Last week, a 10-year-old Afghan girl experienced the end of her childhood. Fatima, whose name has been changed to protect her identity, was not wearing a head covering when she left her home to purchase bread for her family, according to an associate of the U.S. nonprofit organization Flanders Fields, which is providing for Afghan allies abandoned by the State Department. For her immodesty, local Taliban beat Fatima so severely that she lost control of her bladder.
According to a former Afghan government employee who spoke on condition of anonymity, prior to the Taliban takeover, Afghan girls began covering their heads around the age of 15, on achieving womanhood. Fatima’s story illustrates how the devastating humanitarian and economic crises created by the U.S. withdrawal and the draconian reign of misogynistic Taliban tyrants have robbed Afghan girls of their childhood, turning them into sexual objects and bartering tools.
Just three and a half months after the U.S. withdrew from Afghanistan, about 3.2 million Afghan children “are facing severe malnutrition,” according to the World Food Program. The United Nations estimates 1 million Afghan children will die from starvation without aid.
In order to afford feeding remaining family members or to pay off debts, parents are selling daughters as young as 6 years old into marriage. Some are selling the dowries for infant girls as young as 20 days old. The younger the daughter, the higher the price her dowry commands, usually between $500 and $2,000.
As women’s rights advocate Wazhma Frogh told the South China Morning Post, child marriage amounts to “child rape.” It also speaks to the value of women in Afghan society. Explaining why she commodified her 12-year-old daughter’s marital future, one mother told the Times of Israel, “My heart is broken, but I have to save my sons.”
The end of Afghan girlhood is also tied to the Taliban. Under the former Afghan government, the legal marriage age was 16. Under the Taliban’s interpretation of Islamic law, no minimum marriage age exists. As their forces gained ground in August, Taliban commanders reportedly demanded lists of all unmarried girls and women between 12 and 45 years of age in conquered towns. As “spoils of war,” many of these women were married off to Taliban fighters.
The Taliban are also buying Afghan girls. In Ghor province, the Taliban reportedly paid between about $1,000 and $2,700 for girls as young as 1 year old or traded them for “cash, livestock, or weapons.” British newspaper the Sun explained these girls will be “nothing more than sex slaves” when they become Taliban wives.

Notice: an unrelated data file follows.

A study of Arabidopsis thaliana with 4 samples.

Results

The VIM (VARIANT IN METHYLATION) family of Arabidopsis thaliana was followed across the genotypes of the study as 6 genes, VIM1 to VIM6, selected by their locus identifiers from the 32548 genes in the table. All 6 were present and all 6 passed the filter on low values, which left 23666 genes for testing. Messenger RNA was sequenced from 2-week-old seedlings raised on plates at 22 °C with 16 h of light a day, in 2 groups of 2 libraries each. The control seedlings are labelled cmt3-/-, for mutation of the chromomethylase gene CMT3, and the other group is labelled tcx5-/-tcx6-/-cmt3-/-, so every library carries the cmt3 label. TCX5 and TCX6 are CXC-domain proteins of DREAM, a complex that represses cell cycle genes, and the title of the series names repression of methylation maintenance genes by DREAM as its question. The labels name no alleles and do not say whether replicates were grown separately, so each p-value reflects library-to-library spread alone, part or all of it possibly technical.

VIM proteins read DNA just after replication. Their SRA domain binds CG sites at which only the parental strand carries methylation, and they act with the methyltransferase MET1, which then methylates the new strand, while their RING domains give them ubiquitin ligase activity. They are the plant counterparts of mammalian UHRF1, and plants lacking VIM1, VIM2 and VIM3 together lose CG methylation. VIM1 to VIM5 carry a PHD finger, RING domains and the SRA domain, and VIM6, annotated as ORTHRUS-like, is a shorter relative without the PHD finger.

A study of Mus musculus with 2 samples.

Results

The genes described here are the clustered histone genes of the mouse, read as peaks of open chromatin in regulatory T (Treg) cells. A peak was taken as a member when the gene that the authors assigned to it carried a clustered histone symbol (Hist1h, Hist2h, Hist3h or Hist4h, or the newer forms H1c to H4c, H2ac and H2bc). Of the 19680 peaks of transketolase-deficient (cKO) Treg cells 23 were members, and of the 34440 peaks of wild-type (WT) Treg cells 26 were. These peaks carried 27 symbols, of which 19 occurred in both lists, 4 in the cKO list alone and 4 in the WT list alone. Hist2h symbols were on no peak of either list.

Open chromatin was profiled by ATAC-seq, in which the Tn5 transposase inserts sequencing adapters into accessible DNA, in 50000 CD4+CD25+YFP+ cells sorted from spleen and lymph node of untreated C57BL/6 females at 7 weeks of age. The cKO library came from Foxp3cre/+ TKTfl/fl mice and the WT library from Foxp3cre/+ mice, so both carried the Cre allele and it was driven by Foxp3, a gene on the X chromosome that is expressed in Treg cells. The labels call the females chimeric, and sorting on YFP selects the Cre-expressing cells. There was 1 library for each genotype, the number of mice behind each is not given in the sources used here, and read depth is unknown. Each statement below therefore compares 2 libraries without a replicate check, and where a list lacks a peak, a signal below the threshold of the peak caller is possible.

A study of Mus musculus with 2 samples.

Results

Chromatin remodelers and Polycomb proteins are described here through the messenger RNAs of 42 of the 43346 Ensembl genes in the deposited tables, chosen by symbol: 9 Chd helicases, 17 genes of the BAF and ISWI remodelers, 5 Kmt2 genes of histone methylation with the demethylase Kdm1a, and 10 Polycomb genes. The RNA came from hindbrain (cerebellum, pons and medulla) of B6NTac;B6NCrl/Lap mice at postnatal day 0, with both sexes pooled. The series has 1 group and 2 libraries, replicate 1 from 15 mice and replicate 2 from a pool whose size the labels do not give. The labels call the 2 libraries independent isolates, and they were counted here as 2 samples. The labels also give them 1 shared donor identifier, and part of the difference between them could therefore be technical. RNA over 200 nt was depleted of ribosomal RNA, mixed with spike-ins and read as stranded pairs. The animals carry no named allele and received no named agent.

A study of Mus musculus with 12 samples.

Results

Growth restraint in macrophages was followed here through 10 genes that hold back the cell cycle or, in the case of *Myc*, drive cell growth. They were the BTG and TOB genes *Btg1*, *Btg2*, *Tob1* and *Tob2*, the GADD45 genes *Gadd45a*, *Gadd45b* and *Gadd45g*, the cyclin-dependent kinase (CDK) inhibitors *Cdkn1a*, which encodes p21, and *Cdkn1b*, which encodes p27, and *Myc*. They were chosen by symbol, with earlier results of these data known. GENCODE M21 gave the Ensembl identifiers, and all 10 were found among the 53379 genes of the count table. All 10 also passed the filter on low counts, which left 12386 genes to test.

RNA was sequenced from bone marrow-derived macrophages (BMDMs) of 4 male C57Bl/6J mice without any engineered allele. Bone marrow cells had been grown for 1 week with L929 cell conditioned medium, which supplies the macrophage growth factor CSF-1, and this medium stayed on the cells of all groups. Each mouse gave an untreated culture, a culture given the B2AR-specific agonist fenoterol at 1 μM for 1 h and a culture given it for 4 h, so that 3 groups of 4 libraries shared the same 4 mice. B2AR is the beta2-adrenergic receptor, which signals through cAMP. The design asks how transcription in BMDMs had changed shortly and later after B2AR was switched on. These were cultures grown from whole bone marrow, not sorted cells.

Some Afghan girls and women are experiencing severe depression as their future prospects dwindle. Only in few Afghan cities have girls been allowed to resume their middle and high school studies. Afghan women can only attend college in secret. Employment for women is highly restricted, which removes up to about 22% of the prior Afghan workforce from economic participation.
In some sectors, the Taliban’s hatred of women will be deadly. For the last 20 years, aid groups have educated thousands of Afghan midwives to lower the country’s maternal mortality rate, once among the highest in the world, from 1,450 per 100,000 live births in 2000 to 638 per 100,000 live births in 2017. In southeastern Afghanistan, a Taliban commander recently entered a midwifery clinic and informed the midwives they had “no right to go out or work at all.” Displaying deadly ignorance, he told the women their work was unnecessary because “only God can save mothers’ lives.”
Afghan women, who experience an average of 4.321 births per woman as of 2019 (down from 7.485 births per woman in 2000), will be at increased risk for death with every pregnancy if the Taliban curtail the practice of midwifery. This will be particularly harmful for adolescent mothers, who face significant health, mental, and social risks during pregnancy, according to the World Health Organization.
Under Taliban rule, decades of progress for Afghan women are being swiftly negated. The hardest hit are Afghan girls, who are not only losing their childhoods and innocence but their future dreams as well. Without immediate intercession from Western leadership, they also stand to lose their lives.
Beth Bailey (@BWBailey85) is a freelance writer from the Detroit area.